Sweat-Sensing Bracelets Measure Shopper Stress

Nov 28, 2011 5:25pm

A Black Friday study in which 50 shoppers hit the sales wearing sweat-sensing bracelets has offered a glimpse into the thought processes that determine when we drop our dough.

The bracelets, developed by the Massachusetts Institute of Technology Media Lab, measure movement, body temperature and electrodermal activity — barely noticeable changes in skin sweat levels that signal stress and excitement. They’re the newest market research tool for stores battling over limited consumer bucks.

“Shoppers have more retail choices than ever before,” said John Ross, chief executive officer of Shopper Sciences. “It’s good for consumers, but it’s a tremendous challenge for marketers.”

Market research, a field once dominated by surveys, is increasingly turning to technology to get more reliable reactions from consumers. Because despite all the brainy logic that goes into planning purchases, shoppers often follow their instincts — a response analysts are tracking in sweat, facial expressions and even brain activity.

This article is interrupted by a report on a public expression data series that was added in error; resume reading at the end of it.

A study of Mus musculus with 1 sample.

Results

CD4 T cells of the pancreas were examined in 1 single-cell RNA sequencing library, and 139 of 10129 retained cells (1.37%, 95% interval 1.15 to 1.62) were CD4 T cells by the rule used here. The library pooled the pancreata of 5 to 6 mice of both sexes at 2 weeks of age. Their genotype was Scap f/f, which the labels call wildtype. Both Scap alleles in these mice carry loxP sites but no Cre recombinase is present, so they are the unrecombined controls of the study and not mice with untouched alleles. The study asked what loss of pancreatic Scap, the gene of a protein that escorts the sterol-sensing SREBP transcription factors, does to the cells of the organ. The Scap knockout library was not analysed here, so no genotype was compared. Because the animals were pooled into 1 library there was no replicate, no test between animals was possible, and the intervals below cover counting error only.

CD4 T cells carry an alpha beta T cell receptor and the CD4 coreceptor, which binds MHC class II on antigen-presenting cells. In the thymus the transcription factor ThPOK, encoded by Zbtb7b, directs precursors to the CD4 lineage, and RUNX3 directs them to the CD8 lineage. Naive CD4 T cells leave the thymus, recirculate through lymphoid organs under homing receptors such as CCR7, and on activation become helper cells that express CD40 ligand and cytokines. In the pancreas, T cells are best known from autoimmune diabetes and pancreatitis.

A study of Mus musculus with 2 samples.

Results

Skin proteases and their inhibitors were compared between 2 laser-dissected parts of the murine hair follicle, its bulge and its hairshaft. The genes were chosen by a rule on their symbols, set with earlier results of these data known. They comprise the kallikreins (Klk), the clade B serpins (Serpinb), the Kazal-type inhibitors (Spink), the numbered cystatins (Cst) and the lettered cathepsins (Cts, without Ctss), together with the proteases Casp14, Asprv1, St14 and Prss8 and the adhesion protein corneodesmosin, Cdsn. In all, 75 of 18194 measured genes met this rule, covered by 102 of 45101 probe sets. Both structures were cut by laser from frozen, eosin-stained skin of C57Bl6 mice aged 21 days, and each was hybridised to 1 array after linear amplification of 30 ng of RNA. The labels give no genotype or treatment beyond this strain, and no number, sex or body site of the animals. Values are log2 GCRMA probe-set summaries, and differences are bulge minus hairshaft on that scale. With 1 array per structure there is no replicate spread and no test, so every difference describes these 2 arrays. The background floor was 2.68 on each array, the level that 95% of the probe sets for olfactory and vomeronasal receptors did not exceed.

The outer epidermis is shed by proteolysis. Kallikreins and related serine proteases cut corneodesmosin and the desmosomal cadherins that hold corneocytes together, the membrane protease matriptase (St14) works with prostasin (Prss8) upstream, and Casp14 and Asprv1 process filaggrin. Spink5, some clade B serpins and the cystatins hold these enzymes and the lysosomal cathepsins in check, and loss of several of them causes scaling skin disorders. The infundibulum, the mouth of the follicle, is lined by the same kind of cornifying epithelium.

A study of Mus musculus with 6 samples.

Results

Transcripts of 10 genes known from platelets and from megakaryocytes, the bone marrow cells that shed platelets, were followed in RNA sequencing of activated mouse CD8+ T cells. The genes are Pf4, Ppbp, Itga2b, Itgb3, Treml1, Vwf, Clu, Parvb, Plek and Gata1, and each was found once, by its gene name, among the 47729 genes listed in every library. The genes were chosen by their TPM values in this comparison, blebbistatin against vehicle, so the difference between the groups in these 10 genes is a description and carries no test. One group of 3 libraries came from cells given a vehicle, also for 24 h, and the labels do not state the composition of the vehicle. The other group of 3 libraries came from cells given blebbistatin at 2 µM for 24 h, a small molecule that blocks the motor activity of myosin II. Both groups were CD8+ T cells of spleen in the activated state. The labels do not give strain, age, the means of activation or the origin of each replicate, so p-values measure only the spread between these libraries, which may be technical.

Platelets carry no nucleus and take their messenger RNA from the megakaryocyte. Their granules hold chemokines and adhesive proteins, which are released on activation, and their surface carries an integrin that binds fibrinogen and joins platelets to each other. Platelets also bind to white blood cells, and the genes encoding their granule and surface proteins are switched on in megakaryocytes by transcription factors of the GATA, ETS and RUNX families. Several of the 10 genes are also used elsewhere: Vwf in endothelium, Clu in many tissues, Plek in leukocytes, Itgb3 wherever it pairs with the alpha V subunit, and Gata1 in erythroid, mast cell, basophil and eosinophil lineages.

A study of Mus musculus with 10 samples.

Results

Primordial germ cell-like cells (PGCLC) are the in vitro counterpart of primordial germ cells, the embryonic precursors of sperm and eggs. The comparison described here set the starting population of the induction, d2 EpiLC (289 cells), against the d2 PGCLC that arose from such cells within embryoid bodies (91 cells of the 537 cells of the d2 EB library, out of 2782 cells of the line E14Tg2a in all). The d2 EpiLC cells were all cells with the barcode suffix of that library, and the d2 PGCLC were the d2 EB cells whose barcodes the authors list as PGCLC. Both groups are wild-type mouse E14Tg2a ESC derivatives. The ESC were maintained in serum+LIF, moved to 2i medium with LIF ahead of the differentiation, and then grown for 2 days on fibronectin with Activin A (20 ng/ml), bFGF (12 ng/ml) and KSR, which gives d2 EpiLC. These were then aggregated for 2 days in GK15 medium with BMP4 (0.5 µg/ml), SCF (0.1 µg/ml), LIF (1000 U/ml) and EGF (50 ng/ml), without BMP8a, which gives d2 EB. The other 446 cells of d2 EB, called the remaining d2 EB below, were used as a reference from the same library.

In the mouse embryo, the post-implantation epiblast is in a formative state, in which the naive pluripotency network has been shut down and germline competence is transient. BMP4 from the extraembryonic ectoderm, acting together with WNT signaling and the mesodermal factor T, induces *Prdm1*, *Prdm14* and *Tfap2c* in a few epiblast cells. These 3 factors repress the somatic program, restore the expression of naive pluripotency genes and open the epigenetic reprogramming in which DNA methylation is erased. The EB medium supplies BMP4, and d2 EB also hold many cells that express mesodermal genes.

“It’s a proxy for how our brains work,” Ross said of using biometrics in addition to pre- and post-shop surveys. “It’s a more holistic way of doing shopper-based research, because we’re measuring the full cognitive system that humans use when they make decisions.”

Ross said Black Friday — a day famous for long lines, scary stampedes and now pepper spray — can generate a range of emotions in shoppers.

“But the prevailing one in our study was excitement,” he said.

Most of the bracelet-clad shoppers had a positive experience, with 80 percent spending more than they had planned and more than half buying presents for themselves.

Shopper stress was linked more to line length than concerns about missing out on deals.

“The data shows the highest stress level occurred while shoppers were waiting for the store to open,” Ross said. “Once the store was open, shoppers were really happy — until they had to wait in the checkout line.”

Surprisingly, shoppers showed similar stress patterns whether they were shopping in stores or online.

“You would think sitting in an armchair wearing a robe waiting for a site to go live would be far less stressful,” Ross said. “Even though you don’t have the pushing and shoving, shopping purely online tends to be pretty stressful, too.”

People who shopped in stores and online were the least stressed and ended up spending more – a perk of being prepared, said Ross.